Every once in a while, a new technology comes along that promises to shake up dozens of industries and change our understanding of what is possible. Blockchain and crypto did this to the financial and investment sectors, among dozens of others, while drone technology is being applied everywhere from farming, to search-and-rescue, to telecommunications.

Now, 3D Printing is another one of these game changing technologies, because it promises a way to affordably ‘print’ almost anything, from furniture, to houses, to human tissue.

This development is opening up a new world of possibilities across a variety of applications. Here are just three that already promise to impact society in a big way over the next few years.

Housing & Shelter: Humans are migrating at an unprecedented rate all around the world. As formerly rural populations head toward urban areas, cities are already overwhelmed by the demand for affordable, quality housing. Add to this poverty, homelessness, and a global immigration crisis, there has never been a more urgent need for quick and affordable housing options. Though they can barely be called ‘printers,’ the same principles apply to the massive, concrete laying machines that have already been used to test 3D printed houses. Using durable concrete, a small family-ready house can be ‘printed’ in a matter of hours for only a few thousand dollars. With the speed at which 3D printing technology is advancing, and the financing options available from both NGOs and governments, there is little doubt that the cost and print time could drop even more, making 3D printing a realistic option for the near future of affordable housing.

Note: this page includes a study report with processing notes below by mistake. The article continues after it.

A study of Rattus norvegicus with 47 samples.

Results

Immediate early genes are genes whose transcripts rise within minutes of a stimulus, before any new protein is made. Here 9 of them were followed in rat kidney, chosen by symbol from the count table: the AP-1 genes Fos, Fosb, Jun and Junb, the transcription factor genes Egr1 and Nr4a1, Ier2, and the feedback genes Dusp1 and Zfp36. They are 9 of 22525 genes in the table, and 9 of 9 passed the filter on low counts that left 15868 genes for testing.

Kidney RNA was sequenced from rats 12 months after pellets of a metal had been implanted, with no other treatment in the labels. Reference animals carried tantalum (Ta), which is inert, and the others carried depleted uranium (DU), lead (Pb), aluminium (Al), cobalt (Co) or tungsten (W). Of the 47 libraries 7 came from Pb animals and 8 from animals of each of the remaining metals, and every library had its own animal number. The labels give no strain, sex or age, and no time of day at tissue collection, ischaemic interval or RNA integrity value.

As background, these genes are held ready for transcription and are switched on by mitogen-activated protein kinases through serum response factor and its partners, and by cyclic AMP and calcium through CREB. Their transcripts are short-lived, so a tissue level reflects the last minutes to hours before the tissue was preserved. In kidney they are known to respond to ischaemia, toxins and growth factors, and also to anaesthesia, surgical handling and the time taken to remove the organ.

MedTech: Scientists are now using 3D printers to ‘bio-print’ replacement tissue, and even organs. These amazing machines use ‘bio-inks’ made from a variety of biopolymers, including alginate, a substance derived from brown algae. These biopolymers serve as a foundation for the human cells that will grow to replace the affected tissue or organ. While the technology is still a few years away from mainstream use, bio-printed tissue and even organs are already in use in laboratories around the world for drug and cosmetic testing applications, saving human and animal test subjects. The bio applications here are nearly endless; skin and tissue for burn victims, bones and prosthetics for amputees, transplant hearts, lungs and other organs…. Once this technology leaves the lab and becomes mainstream it will save thousands of lives.

Clothing: Fast fashion has already been exposed as wasteful and unsustainable, with the terrible human cost highlighted in events such as the 2012 factory fire and collapse in Dhaka, Bangladesh. 3D Printed clothes could help make the environmentally harmful practices of fast fashion, and the inhumane working conditions it promotes, a thing of the past. 3D printed clothes have come a long way in the past few years, from an uncomfortable couture experiment, to a selling point of Nike, New Balance, and other mainstream offerings. 3D printed clothes promise to be less wasteful, since they are printed specifically for the wearer and therefore fit better. They also use synthetic materials that are easily recycled back into their component parts, ready to be used in printing again. Just like 3D printed housing, the clothing applications are perfect for addressing the need for clothing among migrant and homeless communities.

Though a few years away from widespread use, the fact that mainstream companies are already selling 3D printed shoes and clothing goes to show that a more sustainable, ethical, and fashionable future is right around the corner.